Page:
Unpasteurized milk, cheese causes illness
Unpasteurized milk and unpasteurized milk products should not be consumed to prevent milk-borne infections, U.S. federal health officials said.
Eating fresh cheese at a fair in Kansas was the only recent exposure associated with illness. Of 101 persons who ate the cheese, 66 percent became ill, the Centers for Disease Control and Prevention’s Morbidity and Mortality Weekly Report said.
On October 26, 2007, a family health clinic nurse informed the Kansas Department of Health and Environment that Campylobacter jejuni had been isolated from two ill persons from different families who were members of a closed community in a rural Kansas county.
By Oct. 29, 17 additional members of the community had reported gastrointestinal illness. All 19 persons reported consuming fresh cheese on Oct. 20 that was made the same day at a community fair from unpasteurized milk obtained from a local dairy, the report said.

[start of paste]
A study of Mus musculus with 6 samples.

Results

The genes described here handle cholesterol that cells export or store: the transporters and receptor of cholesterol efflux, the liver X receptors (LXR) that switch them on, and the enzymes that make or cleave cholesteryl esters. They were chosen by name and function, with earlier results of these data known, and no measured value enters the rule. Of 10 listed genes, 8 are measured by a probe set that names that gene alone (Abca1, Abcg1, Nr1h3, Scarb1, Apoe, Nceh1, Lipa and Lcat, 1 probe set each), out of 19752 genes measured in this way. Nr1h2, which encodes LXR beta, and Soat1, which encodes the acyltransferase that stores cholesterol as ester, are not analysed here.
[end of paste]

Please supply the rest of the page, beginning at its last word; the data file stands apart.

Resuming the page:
An investigation by the Kansas Department of Health and Environment and the local health department determined the source and extent of the outbreak. Eating fresh cheese at the fair was the only exposure associated with illness.
Although all samples of cheese tested negative for Campylobacter, results of the epidemiologic investigation found an association between illness and consumption of fresh cheese made from unpasteurized milk, the report added.
Unpasteurized milk and milk products should not be consumed, especially among populations at high risk of infection complications — the young, pregnant, elderly and immunocompromised.